Name dropping isn’t just important for impressing your friends and networking events. It can also play a role in your resume. Below, we will discuss how you can leverage recognizable brand-name companies and clients on your resume. We’ll also discuss times when this may not work to your advantage.
Mentioning major brand-name companies on your resume can have certain advantages. These include:
- Companies with ample resources. Big companies often have big bank accounts and pull their employees from a large pool of candidates. If you got the job, it indicates to your hiring manager that you may be among the best in the field.
- Companies with highly competitive hiring processes. For example, if you were a programmer at Google, future employers will know that you must have been among the best of the best.
- Companies are lauded for industry contributions. Some companies are well known for being highly innovative and changing the game. If you are part of one of those teams, future employers may assume that you will bring that same enthusiastic spirit with you.
- Brand loyalty. Sometimes, an individual simply has an affinity for a certain company. Companies such as Coca-Cola, Patagonia, or Apple often have loyal followings. If you happen to interview with a recruiter who loves your former employer’s products, this alone may be enough to give you a leg up.
How To Include Brand Names On Your Resume
If you work for a company in a traditional position, and this work took place within the last 10 years, it is a given that the company name will appear on your resume. You will list it in the company name section of your work experience description.
However, you may be able to highlight it earlier in your resume. Consider mentioning the company name in your executive summary, especially if you can include some quantifiable accomplishments that you achieved during your time with that company.
If you did freelance or consulting work, you can still include the company name. According to the Atlantic Group, “If you know that future employers will recognize the name of the big client you worked for, you can list the client’s name first, then display that it was a contract position… Highlighting the end client… will let future employers know that you have worked for the big names in your industry and made relevant contributions to their team, especially if you worked there as a long-term placement.”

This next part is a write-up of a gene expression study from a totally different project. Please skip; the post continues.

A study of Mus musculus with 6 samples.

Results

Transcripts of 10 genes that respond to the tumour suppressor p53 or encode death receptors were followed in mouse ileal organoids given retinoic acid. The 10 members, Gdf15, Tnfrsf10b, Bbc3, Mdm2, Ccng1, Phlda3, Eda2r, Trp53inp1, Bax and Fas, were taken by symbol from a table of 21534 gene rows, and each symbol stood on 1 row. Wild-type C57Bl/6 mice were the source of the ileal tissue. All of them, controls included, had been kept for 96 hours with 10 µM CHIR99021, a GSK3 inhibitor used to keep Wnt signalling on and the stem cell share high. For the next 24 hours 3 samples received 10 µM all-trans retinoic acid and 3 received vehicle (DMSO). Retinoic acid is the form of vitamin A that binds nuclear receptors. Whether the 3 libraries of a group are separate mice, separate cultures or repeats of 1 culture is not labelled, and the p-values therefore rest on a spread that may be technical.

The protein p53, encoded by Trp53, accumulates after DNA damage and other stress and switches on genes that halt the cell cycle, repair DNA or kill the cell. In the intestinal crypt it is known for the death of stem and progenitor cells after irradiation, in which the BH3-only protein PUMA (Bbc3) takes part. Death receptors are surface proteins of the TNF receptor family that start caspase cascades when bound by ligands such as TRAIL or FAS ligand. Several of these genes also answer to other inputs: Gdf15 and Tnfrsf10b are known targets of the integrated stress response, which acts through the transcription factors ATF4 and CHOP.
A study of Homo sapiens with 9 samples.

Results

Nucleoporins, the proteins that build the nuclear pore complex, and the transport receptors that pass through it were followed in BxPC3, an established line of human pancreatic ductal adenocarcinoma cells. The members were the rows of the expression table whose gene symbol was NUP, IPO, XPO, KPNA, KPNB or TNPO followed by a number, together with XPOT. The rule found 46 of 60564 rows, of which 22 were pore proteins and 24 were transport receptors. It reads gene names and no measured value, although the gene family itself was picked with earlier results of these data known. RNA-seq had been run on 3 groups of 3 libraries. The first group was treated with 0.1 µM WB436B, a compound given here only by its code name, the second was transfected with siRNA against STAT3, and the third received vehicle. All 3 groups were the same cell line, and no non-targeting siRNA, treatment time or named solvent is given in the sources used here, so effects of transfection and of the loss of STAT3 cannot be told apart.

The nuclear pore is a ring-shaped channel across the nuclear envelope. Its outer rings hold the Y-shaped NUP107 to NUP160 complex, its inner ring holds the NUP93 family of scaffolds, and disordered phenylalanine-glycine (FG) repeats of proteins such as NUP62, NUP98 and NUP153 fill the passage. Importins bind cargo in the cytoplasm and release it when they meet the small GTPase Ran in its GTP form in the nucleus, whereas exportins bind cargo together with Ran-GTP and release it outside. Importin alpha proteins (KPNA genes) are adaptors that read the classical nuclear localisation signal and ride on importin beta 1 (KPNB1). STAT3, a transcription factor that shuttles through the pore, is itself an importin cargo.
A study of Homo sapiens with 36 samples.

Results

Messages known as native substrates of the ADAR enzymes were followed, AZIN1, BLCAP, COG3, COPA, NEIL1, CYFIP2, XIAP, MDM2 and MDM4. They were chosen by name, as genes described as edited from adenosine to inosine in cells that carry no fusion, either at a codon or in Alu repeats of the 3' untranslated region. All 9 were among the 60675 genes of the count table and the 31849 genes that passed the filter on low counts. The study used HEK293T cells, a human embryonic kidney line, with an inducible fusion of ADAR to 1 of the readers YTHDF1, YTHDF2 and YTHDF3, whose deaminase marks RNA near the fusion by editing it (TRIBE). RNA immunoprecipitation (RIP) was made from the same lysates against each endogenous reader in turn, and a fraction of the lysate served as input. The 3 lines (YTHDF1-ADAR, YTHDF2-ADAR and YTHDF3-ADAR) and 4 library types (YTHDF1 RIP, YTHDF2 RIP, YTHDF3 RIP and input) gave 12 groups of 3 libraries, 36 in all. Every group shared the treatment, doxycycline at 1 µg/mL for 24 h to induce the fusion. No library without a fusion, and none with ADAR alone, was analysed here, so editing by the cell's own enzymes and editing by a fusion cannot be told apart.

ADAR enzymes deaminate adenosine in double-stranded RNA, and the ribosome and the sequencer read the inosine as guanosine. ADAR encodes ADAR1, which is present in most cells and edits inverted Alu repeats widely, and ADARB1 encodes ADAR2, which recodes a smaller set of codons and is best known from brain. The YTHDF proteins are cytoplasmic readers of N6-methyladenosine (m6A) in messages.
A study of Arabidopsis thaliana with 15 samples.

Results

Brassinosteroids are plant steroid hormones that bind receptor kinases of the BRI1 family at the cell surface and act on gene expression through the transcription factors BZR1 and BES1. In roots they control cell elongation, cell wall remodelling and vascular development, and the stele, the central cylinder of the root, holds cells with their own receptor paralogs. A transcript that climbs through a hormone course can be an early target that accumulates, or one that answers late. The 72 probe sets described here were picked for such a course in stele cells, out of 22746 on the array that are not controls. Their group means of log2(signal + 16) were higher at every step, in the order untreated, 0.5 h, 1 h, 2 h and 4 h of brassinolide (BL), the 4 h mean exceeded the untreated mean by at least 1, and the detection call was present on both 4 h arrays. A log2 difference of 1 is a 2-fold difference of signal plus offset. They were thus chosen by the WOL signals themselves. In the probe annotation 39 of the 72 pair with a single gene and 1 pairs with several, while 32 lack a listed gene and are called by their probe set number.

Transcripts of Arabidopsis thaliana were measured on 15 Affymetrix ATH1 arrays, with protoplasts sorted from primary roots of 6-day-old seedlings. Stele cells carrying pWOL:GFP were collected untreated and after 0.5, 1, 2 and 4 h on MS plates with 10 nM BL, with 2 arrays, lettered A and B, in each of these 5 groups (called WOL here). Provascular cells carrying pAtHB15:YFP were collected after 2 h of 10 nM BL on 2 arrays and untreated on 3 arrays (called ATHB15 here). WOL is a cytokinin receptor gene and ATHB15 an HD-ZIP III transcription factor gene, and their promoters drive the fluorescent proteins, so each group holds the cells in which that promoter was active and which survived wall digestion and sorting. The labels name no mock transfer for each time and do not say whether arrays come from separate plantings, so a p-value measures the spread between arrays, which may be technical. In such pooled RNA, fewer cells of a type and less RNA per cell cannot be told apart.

If you consulted with the company for at least 3 months, you can include this as a separate entry. Simply include the term “Freelance” or “Consulting” before your position title, and list the company name as usual. For smaller projects, you can group your freelance work together under your own company name but mention the big brand-name companies in your job descriptions.
When Name Dropping Can Work Against You
There are times when mentioning the name of big brands or companies you’ve worked with may not work in your favor. For example, some brand-name companies have received negative media exposure.
One example of this is the numerous scandals and criticism Facebook received before rebranding itself as Meta. You may also recall financial institutions and other businesses in the past that have been involved in scandals such as money laundering or making false promises to consumers.
In any of these cases, highlighting your association with negatively perceived companies may decrease your chances of getting hired, even if you were not directly involved in the events in question.
There are also times when brand loyalty may work against you. A hiring manager may simply not like some brand-name company, preferring a different brand instead.
Of course, you should never falsify your resume. If you worked for a company, you worked for that company. List it as usual, and focus on your personal achievements while there.
If you did freelance work or consulting for a company that now has a bad reputation, you may be able to exclude direct mention of that company’s name. Also, consider whether certain companies might represent a conflict of interest or whether they conflict with the company’s values.
- Working with big, brand-name companies can show that you know how to do your job well since these companies often have ample resources and choose employees, freelancers, or consultants from a large pool.
- You can include big-name companies whether you worked for them in a traditional sense or as a freelancer.
- Keep in mind that sometimes opinions or prejudices against certain companies may reflect upon you, especially if the company has received recent negative publicity.